The Indian Air Force is projecting its capability to carry out day-and-night, all-weather combat missions in the Ladakh sector, with front-line fighter jets, attack helicopters and multi-mission choppers getting airborne for demanding night-time missions from a forward airbase in the area even as the Indian and Chinese armies have kicked off a complex disengagement process to defuse tensions along the Line of Actual Control (LAC), people familiar with the developments said on Tuesday.

The air force’s MiG-29 fighter jets, Sukhoi-30s, Apache AH-64E attack helicopters and CH-47F (I) Chinook multi-mission helicopters are among the platforms that are undertaking night missions in the mountainous terrain, amid the border row in Ladakh and worst tensions there since the 1962 India-China war, said one of the persons cited above.

The IAF is sending out a message to the adversary that it has exploited the full capabilities of its platforms that can be assigned to undertake “all-weather, all-terrain and day/night missions” in the Ladakh theatre, said former IAF chief Air Chief Marshal Fali H Major (retd).


“The message is that we have the capability and it can be used as and when required,” he said.

Any professional force has to be ready to fight 24x7, said Air Vice Marshal Manmohan Bahadur (retd), additional director general, Centre for Air Power Studies.

“Earlier, there were limitations of aircraft that prevented flying in the hills at night but now they have been mostly overcome. The night flying activity seen in Ladakh is part of IAF training to keep the skills of pilots and other personnel honed,” he said.

“The challenges in those hills are many, especially illusions caused due to hill shadows and faulty depth perception that are overcome with experience,” said Bahadur, a veteran helicopter pilot who has carried out night flying in the area.

While disengagement is underway along the tense and heavily militarised border, the Indian armed forces are keeping their guard up and advancing with maximum caution with the IAF’s forward air bases continuing to be on their highest state of alert to deal with any Chinese provocation, a second official said.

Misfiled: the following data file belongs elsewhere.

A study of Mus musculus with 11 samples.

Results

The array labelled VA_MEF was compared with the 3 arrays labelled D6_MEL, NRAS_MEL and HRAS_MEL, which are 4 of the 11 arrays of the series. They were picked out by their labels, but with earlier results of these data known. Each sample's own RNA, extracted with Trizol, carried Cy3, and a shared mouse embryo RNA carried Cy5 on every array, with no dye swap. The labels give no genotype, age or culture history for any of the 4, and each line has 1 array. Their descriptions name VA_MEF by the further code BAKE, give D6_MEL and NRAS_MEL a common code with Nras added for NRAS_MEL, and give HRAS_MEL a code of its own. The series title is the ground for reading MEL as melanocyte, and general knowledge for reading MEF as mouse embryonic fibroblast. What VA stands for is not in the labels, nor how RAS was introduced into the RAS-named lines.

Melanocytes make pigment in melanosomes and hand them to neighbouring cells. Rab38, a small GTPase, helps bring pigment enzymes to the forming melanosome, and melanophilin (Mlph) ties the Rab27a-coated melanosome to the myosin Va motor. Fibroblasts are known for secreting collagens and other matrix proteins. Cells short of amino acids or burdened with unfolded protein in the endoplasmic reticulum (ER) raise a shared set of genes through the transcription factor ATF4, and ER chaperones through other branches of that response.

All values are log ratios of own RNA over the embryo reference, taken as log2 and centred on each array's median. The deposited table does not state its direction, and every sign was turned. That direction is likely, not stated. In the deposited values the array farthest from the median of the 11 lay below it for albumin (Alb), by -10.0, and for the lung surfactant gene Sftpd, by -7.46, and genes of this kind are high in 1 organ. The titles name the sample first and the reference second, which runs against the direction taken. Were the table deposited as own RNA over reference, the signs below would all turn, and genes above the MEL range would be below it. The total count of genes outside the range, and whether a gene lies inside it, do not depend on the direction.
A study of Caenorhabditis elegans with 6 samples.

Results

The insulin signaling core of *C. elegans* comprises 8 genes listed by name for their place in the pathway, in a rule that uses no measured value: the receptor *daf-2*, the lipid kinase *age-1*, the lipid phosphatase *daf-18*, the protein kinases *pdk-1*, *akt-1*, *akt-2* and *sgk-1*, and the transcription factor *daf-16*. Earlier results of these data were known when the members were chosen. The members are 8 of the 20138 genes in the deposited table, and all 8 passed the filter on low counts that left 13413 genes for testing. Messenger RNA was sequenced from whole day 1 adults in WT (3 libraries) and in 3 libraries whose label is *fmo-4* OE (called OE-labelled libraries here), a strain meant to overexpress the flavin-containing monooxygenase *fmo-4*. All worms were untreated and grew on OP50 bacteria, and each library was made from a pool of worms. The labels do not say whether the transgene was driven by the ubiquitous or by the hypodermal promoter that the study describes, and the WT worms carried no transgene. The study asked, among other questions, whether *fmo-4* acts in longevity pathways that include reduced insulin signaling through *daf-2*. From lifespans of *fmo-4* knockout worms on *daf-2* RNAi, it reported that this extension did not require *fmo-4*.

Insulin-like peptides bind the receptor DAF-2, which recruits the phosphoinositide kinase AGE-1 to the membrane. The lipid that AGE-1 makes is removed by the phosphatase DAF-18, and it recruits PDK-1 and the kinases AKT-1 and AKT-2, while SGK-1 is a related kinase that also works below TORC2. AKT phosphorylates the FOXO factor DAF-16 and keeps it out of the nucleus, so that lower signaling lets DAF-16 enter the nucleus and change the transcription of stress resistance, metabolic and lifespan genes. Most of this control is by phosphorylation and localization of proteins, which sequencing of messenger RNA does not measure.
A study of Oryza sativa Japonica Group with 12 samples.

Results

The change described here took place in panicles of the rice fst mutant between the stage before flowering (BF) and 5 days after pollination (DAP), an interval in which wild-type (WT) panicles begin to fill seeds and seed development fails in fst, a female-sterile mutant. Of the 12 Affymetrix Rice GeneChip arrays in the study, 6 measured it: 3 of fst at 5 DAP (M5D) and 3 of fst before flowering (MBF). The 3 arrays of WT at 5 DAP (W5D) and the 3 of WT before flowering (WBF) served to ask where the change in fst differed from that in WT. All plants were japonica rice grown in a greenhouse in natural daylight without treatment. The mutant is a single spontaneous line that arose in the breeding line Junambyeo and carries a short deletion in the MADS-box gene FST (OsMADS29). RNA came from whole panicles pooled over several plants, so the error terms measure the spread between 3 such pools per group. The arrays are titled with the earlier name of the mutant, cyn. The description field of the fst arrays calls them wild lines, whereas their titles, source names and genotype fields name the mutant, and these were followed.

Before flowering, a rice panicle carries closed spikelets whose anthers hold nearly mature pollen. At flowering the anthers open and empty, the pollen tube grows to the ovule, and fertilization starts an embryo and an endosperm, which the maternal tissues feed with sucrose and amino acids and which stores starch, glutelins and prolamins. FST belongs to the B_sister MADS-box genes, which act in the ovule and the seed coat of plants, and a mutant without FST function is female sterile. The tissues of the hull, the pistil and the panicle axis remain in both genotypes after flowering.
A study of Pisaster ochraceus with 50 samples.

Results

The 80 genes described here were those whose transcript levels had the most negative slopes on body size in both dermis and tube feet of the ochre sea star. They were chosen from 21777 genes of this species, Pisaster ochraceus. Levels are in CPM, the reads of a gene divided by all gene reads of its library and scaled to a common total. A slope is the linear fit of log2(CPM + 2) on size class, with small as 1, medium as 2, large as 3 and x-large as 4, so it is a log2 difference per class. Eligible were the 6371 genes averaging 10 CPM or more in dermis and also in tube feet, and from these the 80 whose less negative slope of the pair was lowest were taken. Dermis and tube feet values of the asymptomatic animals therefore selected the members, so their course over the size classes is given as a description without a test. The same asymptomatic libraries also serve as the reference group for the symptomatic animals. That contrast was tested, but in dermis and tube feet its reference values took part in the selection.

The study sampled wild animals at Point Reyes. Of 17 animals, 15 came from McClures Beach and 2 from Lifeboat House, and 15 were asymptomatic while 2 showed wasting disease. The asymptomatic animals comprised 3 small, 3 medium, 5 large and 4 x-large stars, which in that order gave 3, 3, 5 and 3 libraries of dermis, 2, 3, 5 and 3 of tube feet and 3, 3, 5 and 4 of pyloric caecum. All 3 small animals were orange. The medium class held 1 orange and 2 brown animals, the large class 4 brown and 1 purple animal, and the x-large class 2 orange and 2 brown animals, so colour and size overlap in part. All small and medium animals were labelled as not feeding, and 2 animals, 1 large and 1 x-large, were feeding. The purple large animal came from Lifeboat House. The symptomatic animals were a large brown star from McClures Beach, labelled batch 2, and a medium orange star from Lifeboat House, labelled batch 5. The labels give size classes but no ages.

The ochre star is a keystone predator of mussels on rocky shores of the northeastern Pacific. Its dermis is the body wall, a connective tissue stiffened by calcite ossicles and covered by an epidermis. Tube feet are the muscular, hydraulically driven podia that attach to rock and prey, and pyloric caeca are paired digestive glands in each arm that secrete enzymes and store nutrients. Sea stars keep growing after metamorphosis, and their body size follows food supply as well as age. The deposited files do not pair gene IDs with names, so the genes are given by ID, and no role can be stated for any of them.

The Chinese People’s Liberation Army (PLA) has withdrawn up to 1.5 km from friction areas in Galwan Valley, Hot Springs and Gogra along the LAC, and the Indian Army has pulled back proportionately, acting on an understanding reached last week by top Indian and Chinese military commanders on a phased de-escalation of the ongoing border conflict, as reported by Hindustan Times on Tuesday. Some thinning of PLA soldiers has also been noticed at the sensitive Finger Area near Pangong Tso.

The IAF has played a key role in the Ladakh sector since border tensions began in early May. Its C-17 Globemaster III transport aircraft have been used to move soldiers, tanks and infantry combat vehicles to the sector, while C-130J Super Hercules aircraft have undertaken sorties to the advanced landing ground in the strategic Daulat Beg Oldie sector to support the military’s forward deployments, the officials said.

The IAF’s new inductions --- the Apache attack and Chinook multi-mission helicopters --- have significantly enhanced the IAF’s capabilities, the officials said. Armed with fire-and-forget Hellfire missiles, an Apache can track up to 128 targets a minute and prioritise threats. The missiles equip the gunships with anti-armour capabilities. The Chinook’s main roles include transporting troops, artillery and battlefield resupply.

The defence ministry last week approved the purchase of weapons and ammunition worth Rs 38,900 crore, including 33 new fighter jets for the IAF that is grappling with a shortage of warplanes.